All of the panelist had a focus on early stage investments and engaged with their companies as angels or incubators. Since the event was focused on the government, Errol Arkilic of the NSF had the most relevant experience understanding the way it operated and how his organization functioned more along the lines of the private sector. Errol was proud of being able to do deals in four months to Dave McClure’s surprise, where he stated something along the lines, “I might die in four months.” More details about the event are on the GOAP blog.
The difference in perspective between celebrating or cringing at the four month investment cycle might be marked by Mark Walsh’s observation of the modus operandi of DC and Silicon Valley,
“The difference between DC and Silicon Valley is inertia versus urgency.”
That comment holds true when generalizing the DC area to be represented by the mega bureaucratic federal government. In the context of the event, it makes perfect sense. But I feel that it reinforces a stereotype of those who live outside DC, one perpetuated even by the event itself, that the only interesting innovations for this region are related to Gov 2.0 and helping the government adapt the ideas and models of Silicon Valley.
Having spent time in Silicon Valley and previously living in New York, Boston, Philadelphia, and now DC since 2003, I could generalize each region, as DC is often generalized. There are typically truths in generalizations and stereotypes but they often purposefully and sometimes ignorantly miss the details to simplify or support a point.
Being in the weeds, I can tell you that innovation and entrepreneurship have been happening in DC well before Gov 2.0. It’s highlighted in the strength and success of groups/events like TECH cocktail (co-founded by local Frank Gruber), Ignite DC, Refresh DC, Twin Tech, The Capital Cabal, and Social Matchbox, as well as in people and companies getting recognition outside of this region. I believe the DC metro area is uniquely positioned to breakout from the pack and become an increasingly important area for startups and technology innovation…aside from Gov 2.0. Here’s why:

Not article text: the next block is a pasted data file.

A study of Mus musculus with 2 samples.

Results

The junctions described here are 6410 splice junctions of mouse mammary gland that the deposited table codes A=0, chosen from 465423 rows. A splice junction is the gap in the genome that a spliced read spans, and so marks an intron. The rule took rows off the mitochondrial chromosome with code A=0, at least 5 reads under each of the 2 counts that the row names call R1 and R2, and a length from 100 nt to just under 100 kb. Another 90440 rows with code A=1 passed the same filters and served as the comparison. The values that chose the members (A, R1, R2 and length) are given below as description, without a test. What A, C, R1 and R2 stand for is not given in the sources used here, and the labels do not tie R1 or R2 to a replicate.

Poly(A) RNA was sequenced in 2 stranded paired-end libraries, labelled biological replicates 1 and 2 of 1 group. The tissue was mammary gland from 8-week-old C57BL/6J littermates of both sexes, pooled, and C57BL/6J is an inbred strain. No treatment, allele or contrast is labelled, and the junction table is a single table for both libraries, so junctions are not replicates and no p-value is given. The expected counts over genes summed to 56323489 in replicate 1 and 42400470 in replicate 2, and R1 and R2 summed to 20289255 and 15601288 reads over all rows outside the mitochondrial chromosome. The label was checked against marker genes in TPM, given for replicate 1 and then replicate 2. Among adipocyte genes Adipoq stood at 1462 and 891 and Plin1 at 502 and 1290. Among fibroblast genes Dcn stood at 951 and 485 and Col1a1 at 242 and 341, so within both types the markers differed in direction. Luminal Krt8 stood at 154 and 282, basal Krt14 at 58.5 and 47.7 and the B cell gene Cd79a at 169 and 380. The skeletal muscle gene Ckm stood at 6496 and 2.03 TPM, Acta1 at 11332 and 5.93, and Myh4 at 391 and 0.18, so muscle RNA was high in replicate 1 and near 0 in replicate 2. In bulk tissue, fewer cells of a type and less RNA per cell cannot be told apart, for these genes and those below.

For those unfamiliar with this area of the U.S., read some background on what demographers consider the Washington Metropolitan Area. I’ll use “DC” to represent this region, which consists of parts of Maryland, Virginia (referred to as “Northern Virginia”), and Washington, D.C., due to their close proximity to one another.
- DC has money. Five of the top ten highest income counties in the U.S. are in Virginia and Maryland, with three of those five in the top five. That’s mucho mula.
- DC has talent. Georgetown, George Washington, University of Maryland, and American University represent the established well-known schools, while George Mason was recently selected by U.S. News and World Report as the nation’s top “Up-and-Coming School.”
- DC has innovation. For the past five years, the DC metro area ranks as number six on the percent of startups distributed per state. LaunchBox Digital is a startup incubator program, much like Y Combinator, that just completed its second successful class of startups. The Northern Virginia Technology Council has 1,050 member companies and enterprises representing approximately 186,000 employees and is the largest technology council in the nation. And yes, we do have Gov 2.0.
- DC has history. No, I’m not referring to the kind you find on the National Mall (that’s not a place for shopping, btw). Remember a little company called AOL? Maybe you are trying to forget about them or still using their CDs as coasters. No matter how you feel, they brought the Internet to the common man. Now, that was a world (or country) changing idea.
The growth in DC in the six years I’ve been here has been incredible. A massive project, which will continue to fuel this momentum, is the extension of the rail system to the Dulles Airport. The result will be easier access from the exurbs of Northern Virginia through DC proper and up into Maryland.
It’s an exciting time to live in this area. The foundations have been laid for DC to become a major center for entrepreneurship, startups, and innovation. Get in on the ground floor, or as close to it, while you still can.